Three Rivers
Hudson~Mohawk~Schoharie
History From America's Most Famous Valleys

Fenelon's Treatise
on the
Education of Daughters;
Translanted from the French and Adapted to English Readers
With an Original Chapter, "On Religious Studies."
By the Rev. T. F. Dibdin, B. A. F. A. S
Albany; printed and published by Backus and Whiting, 1806.

Chapter IV.

The Danger of Imitation.
THE ignorance of children, (in whose brain no correct impressions are made) renders them extremely susceptible, and inclined to imitate every thing they see. It is, therefore, of consequence to set before them none but the very best models of imitation ; and to make them acquainted with those, by whose; examples they would be profited in following. But as it happens, in spite of all our precautions, that they occasionally witness many irregularities, we must not fail to warn them betimes against the impertinence of certain foolish and dissipated people, whose reputation is scarcely worth preserving : we must shew them how truly miserable and deserving of contempt, are those who abandon themselves to passion, without cultivating their reason. One may also give them, a correct taste, free from affectation, and make them sensible of the true value of modesty and decorum ; we must not even abstain from guarding them against probable errors, although this means we may open their eyes to certain defects in those whom they are taught to respect. We have neither right nor reason to hope that they will remain ignorant on such points, and therefore the best method to pursue, in order to keep them to their duty, is, to persuade them to bear with the faults of others ; not to pass too severe a sentence on them, as they often appear greater than they really are-that they are even compensated for by many good qualifica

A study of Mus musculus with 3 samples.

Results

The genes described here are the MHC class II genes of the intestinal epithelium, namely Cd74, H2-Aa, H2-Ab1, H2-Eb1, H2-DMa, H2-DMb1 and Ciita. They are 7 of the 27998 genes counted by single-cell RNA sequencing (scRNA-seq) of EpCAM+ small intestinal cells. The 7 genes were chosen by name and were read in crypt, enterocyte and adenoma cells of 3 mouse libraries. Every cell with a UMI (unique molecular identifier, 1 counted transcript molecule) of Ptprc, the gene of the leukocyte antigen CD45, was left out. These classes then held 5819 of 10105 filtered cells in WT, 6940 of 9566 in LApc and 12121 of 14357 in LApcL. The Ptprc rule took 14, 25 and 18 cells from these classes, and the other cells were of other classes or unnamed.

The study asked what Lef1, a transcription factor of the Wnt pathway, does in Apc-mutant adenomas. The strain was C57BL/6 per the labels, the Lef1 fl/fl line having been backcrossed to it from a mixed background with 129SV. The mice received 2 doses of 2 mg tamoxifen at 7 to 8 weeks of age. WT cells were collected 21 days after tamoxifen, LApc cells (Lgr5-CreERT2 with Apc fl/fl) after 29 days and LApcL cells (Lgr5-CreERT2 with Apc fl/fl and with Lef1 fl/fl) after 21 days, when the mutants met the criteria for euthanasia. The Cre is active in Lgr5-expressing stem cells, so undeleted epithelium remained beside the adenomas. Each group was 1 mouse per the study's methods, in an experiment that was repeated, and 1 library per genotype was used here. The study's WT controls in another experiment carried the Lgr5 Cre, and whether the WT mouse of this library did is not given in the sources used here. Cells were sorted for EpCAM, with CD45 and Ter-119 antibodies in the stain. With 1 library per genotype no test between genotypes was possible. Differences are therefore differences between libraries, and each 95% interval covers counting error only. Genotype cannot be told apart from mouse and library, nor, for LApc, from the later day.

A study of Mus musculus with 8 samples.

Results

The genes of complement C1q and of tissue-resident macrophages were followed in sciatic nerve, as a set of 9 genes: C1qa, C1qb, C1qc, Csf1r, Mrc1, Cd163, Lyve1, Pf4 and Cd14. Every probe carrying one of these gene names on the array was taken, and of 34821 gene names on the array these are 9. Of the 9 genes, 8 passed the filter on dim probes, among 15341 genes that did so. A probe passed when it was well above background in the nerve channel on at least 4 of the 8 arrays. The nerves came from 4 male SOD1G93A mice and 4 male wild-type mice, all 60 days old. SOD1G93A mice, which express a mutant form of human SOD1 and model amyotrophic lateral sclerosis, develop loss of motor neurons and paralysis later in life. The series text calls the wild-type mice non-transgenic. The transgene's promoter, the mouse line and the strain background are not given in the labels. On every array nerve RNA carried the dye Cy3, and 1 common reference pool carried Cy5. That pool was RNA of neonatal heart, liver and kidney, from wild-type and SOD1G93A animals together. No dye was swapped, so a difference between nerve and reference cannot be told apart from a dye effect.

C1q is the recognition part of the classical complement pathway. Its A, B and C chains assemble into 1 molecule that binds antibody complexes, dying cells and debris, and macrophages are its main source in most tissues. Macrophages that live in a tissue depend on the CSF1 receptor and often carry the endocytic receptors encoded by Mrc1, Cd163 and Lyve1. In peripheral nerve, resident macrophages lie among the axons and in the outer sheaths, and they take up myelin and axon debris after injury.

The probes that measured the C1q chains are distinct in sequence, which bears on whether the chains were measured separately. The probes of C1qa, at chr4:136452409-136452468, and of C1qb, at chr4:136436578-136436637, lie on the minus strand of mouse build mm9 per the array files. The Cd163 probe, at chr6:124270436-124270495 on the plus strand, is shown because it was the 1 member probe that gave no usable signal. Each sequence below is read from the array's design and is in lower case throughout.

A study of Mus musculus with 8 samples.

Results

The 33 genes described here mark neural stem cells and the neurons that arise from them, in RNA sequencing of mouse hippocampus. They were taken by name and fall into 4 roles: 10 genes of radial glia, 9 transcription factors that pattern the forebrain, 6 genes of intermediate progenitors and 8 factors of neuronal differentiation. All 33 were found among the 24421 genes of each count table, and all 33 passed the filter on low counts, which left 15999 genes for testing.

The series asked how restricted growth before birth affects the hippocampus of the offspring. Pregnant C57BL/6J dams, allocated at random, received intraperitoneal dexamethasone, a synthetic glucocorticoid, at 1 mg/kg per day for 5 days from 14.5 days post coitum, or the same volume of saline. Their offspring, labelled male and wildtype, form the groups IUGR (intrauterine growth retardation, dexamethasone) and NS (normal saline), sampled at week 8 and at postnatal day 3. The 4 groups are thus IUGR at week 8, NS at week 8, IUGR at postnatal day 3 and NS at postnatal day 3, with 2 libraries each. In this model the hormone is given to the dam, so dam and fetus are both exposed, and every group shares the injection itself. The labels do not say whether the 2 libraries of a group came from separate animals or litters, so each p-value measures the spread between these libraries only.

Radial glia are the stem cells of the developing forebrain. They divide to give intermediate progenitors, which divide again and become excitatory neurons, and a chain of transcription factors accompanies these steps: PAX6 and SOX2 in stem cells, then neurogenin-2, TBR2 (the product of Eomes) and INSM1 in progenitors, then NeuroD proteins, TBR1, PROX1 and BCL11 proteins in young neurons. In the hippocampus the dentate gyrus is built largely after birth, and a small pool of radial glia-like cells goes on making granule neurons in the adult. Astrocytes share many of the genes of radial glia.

tions-and that as there is no perfection in this world, they should admire that which approaches the nearest towards it. Lastly, although this advice should not be offered but in extreme cases, we should, nevertheless engraft on them true principles, and preserve them from imitating all the evil that is set before them.

We must also be on our guard to prevent their imitation of ridiculous people; whose low and buffoon-like manners have something in them extremely revolting to noble and generous sentiments ; we should be apprehensive lest children afterwards assume these very manners ; as the warmth of their imagination, and pliability of body, added to the pleasure they seem to take in such diversion, gives them. a peculiar aptitude to represent every ridiculous object they behold.

This proneness to imitation, which is natural to children, is the source of infinite mischief when they are delivered up to improper people who are hardly able to restrain themselves before them. But providence has ordained this imitative power, that children may be also capable of applying themselves to what is good and virtuous. Often, without speaking to them, we have only to shew them in others what we would have them do themselves.